The IRU and ITF have reinforced their commitment to drive a just transition and improve the accessibility and attractiveness of the commercial driver profession with a Just Transition for Transport pledge.
The road transport industry must continue to prioritise building resilience and reducing emissions. The remaining challenge is to become carbon neutral by 2050 while maintaining economic prosperity and good working conditions.
On the eve of COP28, the International Road Transport Union (IRU) and the International Transport Workers’ Federation (ITF), respectively representing over 3.5 million road transport operators and 18.5 million transport workers, have pledged to continue driving a just transition in the road transport industry and improving the accessibility and attractiveness of the profession with eight specific actions.
IRU Secretary General Umberto de Pretto said, “The industry is committed to achieving carbon neutrality by 2050 while continuing to provide great career opportunities to young people and effectively meeting demand for road transport services.”
“Transport operators and workers are co-designers of pragmatic solutions. Training, skilling and re-skilling will all play a crucial role within the just transition. We call on governments to join us in taking action and together creating a conducive environment for the road transport sector to efficiently and sustainably deliver on the Paris Agreement,” he added.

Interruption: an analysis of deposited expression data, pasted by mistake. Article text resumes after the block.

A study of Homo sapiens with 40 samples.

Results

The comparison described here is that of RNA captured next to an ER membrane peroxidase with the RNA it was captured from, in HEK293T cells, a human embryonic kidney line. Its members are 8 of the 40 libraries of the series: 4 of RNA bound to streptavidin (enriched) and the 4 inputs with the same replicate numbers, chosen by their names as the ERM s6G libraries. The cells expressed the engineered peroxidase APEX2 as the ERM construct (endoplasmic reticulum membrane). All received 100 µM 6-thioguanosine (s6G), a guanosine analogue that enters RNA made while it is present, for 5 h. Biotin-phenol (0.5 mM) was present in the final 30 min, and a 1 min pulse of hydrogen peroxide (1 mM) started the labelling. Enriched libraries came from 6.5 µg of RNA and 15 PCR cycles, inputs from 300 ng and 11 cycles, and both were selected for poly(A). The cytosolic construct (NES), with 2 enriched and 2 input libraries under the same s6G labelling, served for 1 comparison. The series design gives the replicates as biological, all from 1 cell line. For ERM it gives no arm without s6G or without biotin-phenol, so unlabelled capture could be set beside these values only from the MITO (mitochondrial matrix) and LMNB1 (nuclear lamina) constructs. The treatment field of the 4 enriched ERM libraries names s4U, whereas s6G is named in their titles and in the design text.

The IRU says it looks forward to continuing its longstanding partnership with the ITF and its affiliated trade unions to bring the pact to life, helping to meet the UN Sustainable Development Goals and the Paris Agreement.
ITF General Secretary Stephen Cotton said, “Transport workers globally are calling on governments to raise ambitions, ramp up investment in sustainable transport, and to deliver the plans we need across all transport sectors to secure our jobs, our climate and our future.”
“This pledge represents our joint recognition that a just transition in the road transport sector requires that workers and their unions at the centre of decision making, that all supply chain actors take responsibility for labour standards and emissions reductions, and that regulation keeps pace with emerging technology to decarbonise the industry.”
Cotton said that 80 per cent of people globally want increased investment in sustainable transport and called on governments to move from words to action and commit to constructive social dialogue with transport companies and unions at all levels to drive action and a just transition for the road transport workforce.